China Gender Imbalance Problem Growing as Sex-Selection Abortions Continue

National   |   Steven Ertelt   |   Apr 17, 2006   |   9:00AM   |   WASHINGTON, DC

China Gender Imbalance Problem Growing as Sex-Selection Abortions Continue Email this article
April 17, 2006

Beijing, China ( — The gender imbalance problem in China is growing as laws meant to crack down on sex-selection abortions are minimally enforced. As a result men outnumber women in great numbers, infanticide continues, and some girls luck enough to be born are sold into marriage.

The latest Chinese census shows 120 men for every 100 women in the Asian nation, up from 117 per 100 in the 2000 census.

The gender imbalance has grown since the country introduced the population control policies after a post World War II baby boom. The program forced Chinese couples to have only one child and women getting pregnant a second time are often forced to have abortions, fined, imprisoned and they and their husbands and families face significant persecution.

Because of the policy and the traditional preference for sons, girl unborn children are routinely aborted or killed via infanticide. The Chinese government cracked down on the abortions by prohibiting doctors from using ultrasounds to tell a couple the sex of their baby.

Ironically, population control officials send portable ultrasound machines to hundreds of cities across the nation in the early 1980s to make sure women who were required to wear a birth control device kept it in. The machines were later used to determine the sex of a baby for an abortion.

But Chinese couples determined to have a son easily get around the new laws as a black market has sprung up of people with ultrasound machines in the trunks of cars or house closets are willing to divulge the sex of an unborn baby for a price.

Zhao Baige, vice minister of the Family Planning Commission, admitted to CBS News, "We need a more enforcement."

CBS News reporter Leslie Stahl responded by asking Zhao about abortion.

"Well, one of the ways that this imbalance came about is through abortion. Millions and millions and millions of abortions. Why didn’t the government clamp down on that?" Stahl asked.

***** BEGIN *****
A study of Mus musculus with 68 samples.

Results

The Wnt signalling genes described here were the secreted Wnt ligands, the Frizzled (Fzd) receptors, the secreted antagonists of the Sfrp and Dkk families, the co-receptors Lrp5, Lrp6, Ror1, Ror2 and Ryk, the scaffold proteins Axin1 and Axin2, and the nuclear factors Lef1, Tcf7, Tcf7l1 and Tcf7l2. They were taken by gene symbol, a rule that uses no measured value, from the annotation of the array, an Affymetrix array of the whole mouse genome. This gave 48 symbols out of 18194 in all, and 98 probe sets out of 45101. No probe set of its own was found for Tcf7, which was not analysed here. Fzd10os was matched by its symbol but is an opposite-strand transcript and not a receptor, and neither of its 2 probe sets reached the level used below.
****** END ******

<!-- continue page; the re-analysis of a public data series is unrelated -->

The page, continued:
"Let me go to another point," the vice minister replied.

Her "other point" was that abortions in China are on the decline. Yet they are still free and legal through all nine months of pregnancy.

The gender imbalance problem is particularly severe for younger Chinese.

A CBS News report found a high school in Linchuan, a small village in Jiangxi province in southern China where the problem was especially acute. There are 150 boys for every 100 girls in the school.

The one-child policy is 25 years old and a first generation of Chinese men are looking to marry, but they’re finding it difficult to find women. CBS News interviewed a group of Chinese workers who indicated that poor men have an especially difficult time finding women to date.

To combat the problem, some Chinese are selling their girl babies to those seeking girls for their sons. Chinese officials have uncovered massive baby-selling schemes including finding newborns in bags in the back of trucks and on buses on their way to be sold.

Some poor parents of unwanted newborn girls sell their babies for a little as $8.

Older girls are also being kidnapped and taken to remote parts of the country to be forced into marriage.

The problem is also exacerbated by foreign adoptions. Most couples from the United States, Australia and England who are adopting babies are, in almost all cases, adopting girls. Some records show as many as 12,000 Chinese infants are adopted annually, most of them girls.

Analysts interviewed by CBS News say the gender imbalance issues will likely never be resolved until the one-child population control policy is lifted, but Chinese population control officials say that’s not likely to happen any time soon.